GOP ditches 'gaffe-prone' Romney over 'inappropriate' 'gifts' comments against Obama
Prominent Republicans have criticized Mitt Romney for his disparaging remarks against President Barack Obama in which he said that the President won after giving 'gifts' to core constituencies.
Republicans said that it was the wrong message to send voters as the party was trying to rebuild itself after a bruising defeat.
"I don't think it's helpful," Iowa Governor Terry Branstad told Politico at the Republican Governors Association conference on Thursday.
"I guess my feeling is that we need to turn the page, and we need to focus on the future and not make excuses for the past," he added.
According to the report, Florida Republican Senator Marco Rubio, a prominent Romney backer during the campaign and a possible 2016 candidate, also distanced himself from the remarks, calling them "an analysis to donors."
Rubio said that as a party, "our mission should not be to deny government benefits to people who need them," but the GOP should work to ensure "less people need government benefits."
"I don't want to rebut him point by point," Rubio said of Romney.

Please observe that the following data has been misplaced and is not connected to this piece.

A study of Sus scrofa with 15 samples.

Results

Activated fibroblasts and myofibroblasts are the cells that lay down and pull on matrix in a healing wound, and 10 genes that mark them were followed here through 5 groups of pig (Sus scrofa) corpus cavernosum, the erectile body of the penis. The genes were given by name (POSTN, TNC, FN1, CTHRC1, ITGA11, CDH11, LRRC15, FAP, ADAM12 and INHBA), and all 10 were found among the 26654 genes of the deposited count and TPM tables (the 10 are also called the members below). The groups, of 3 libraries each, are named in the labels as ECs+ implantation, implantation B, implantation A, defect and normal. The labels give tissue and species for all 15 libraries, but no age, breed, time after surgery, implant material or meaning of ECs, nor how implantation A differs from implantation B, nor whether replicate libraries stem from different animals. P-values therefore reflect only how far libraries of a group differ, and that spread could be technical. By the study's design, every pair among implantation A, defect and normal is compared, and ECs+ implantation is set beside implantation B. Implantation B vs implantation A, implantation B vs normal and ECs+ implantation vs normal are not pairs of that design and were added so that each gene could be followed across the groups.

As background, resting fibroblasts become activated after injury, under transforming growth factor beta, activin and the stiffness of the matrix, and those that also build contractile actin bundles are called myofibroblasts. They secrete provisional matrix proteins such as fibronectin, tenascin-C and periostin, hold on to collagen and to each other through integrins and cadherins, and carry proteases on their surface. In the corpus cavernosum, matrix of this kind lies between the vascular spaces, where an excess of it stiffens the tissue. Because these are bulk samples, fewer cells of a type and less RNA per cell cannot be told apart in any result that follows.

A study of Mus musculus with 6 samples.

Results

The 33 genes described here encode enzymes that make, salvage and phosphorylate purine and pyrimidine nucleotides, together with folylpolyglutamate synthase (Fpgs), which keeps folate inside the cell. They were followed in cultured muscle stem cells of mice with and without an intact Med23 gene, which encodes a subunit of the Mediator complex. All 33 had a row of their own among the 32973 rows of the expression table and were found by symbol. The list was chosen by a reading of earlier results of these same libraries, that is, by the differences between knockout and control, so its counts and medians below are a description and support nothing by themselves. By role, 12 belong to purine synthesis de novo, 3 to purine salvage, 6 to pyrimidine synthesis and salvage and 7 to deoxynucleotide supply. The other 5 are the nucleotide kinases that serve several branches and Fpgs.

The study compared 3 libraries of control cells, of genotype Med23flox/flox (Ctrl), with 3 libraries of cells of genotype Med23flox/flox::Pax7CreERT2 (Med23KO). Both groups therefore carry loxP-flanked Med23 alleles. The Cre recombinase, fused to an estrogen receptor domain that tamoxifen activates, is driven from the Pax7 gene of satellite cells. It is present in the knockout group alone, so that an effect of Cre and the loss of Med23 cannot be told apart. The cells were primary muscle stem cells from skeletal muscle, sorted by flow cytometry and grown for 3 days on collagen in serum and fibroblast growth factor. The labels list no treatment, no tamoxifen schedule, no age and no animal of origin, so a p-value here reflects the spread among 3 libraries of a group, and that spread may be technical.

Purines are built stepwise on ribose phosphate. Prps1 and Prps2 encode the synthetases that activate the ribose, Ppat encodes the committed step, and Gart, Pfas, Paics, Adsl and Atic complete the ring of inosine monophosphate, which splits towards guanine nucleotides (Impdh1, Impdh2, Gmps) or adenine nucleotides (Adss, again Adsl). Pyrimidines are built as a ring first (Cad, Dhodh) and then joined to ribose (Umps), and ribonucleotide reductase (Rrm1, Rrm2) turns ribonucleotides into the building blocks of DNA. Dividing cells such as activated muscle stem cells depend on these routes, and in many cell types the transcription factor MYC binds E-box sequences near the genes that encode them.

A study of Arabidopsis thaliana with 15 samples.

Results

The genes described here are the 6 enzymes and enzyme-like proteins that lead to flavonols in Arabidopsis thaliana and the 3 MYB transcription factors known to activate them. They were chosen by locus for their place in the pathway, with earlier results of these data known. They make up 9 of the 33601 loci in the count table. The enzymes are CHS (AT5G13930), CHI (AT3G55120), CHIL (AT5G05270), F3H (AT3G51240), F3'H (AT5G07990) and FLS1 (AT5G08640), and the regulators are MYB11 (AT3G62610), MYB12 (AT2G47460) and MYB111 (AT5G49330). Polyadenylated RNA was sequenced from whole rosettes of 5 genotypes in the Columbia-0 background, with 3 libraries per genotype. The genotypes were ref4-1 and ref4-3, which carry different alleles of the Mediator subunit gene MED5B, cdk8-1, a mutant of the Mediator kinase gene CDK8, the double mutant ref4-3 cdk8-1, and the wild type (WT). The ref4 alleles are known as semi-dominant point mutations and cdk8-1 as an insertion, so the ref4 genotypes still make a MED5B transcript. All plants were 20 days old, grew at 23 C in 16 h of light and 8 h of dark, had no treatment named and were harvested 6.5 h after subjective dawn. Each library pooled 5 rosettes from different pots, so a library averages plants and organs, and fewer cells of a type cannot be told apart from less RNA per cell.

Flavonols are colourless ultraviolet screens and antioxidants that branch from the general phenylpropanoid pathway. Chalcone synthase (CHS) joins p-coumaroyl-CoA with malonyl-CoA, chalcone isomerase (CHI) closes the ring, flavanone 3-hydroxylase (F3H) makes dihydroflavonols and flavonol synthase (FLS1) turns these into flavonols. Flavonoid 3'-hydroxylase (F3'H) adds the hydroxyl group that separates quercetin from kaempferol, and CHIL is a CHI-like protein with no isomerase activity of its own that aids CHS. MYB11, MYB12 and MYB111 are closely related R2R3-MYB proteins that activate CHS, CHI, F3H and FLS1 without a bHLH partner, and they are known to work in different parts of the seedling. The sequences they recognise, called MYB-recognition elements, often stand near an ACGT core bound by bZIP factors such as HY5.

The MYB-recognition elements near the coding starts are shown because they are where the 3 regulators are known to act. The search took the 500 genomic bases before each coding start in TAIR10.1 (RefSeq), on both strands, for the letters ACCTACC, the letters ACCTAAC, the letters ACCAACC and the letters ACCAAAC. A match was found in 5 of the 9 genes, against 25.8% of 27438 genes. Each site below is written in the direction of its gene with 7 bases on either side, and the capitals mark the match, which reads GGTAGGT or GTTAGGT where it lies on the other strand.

"I would just say to you, I don't believe that we have millions and millions of people in this country that don't want to work. I'm not saying that's what [Romney] said. I think we have millions of people in this country that are out of work and are dependent on the government because they can't find a job," Rubio added.
The former GOP presidential nominee told donors that Obama had won reelection because of "gifts" he gave "especially to the African-American community, the Hispanic community and young people."
The criticism comes as the party is recovering from a thumping defeat in the presidential and Senate contests on November 6.
In Las Vegas, Florida Governor Rick Scott called Romney's comments "inappropriate."
"It's wrong, it's not true," Scott said, adding: "What we've got to do is say we want every vote, we want to take care of every citizen in our state."
New Hampshire Sen. Kelly Ayotte, who campaigned frequently alongside Romney when he visited the Granite State, said she didn't agree with Romney's comments.
"The campaign is over and what the voters are looking for us to do is to accept their votes and go forward and we've got some big challenges that need to be solved," Ayotte said, adding: "I don't know the full context of them but I don't agree with them."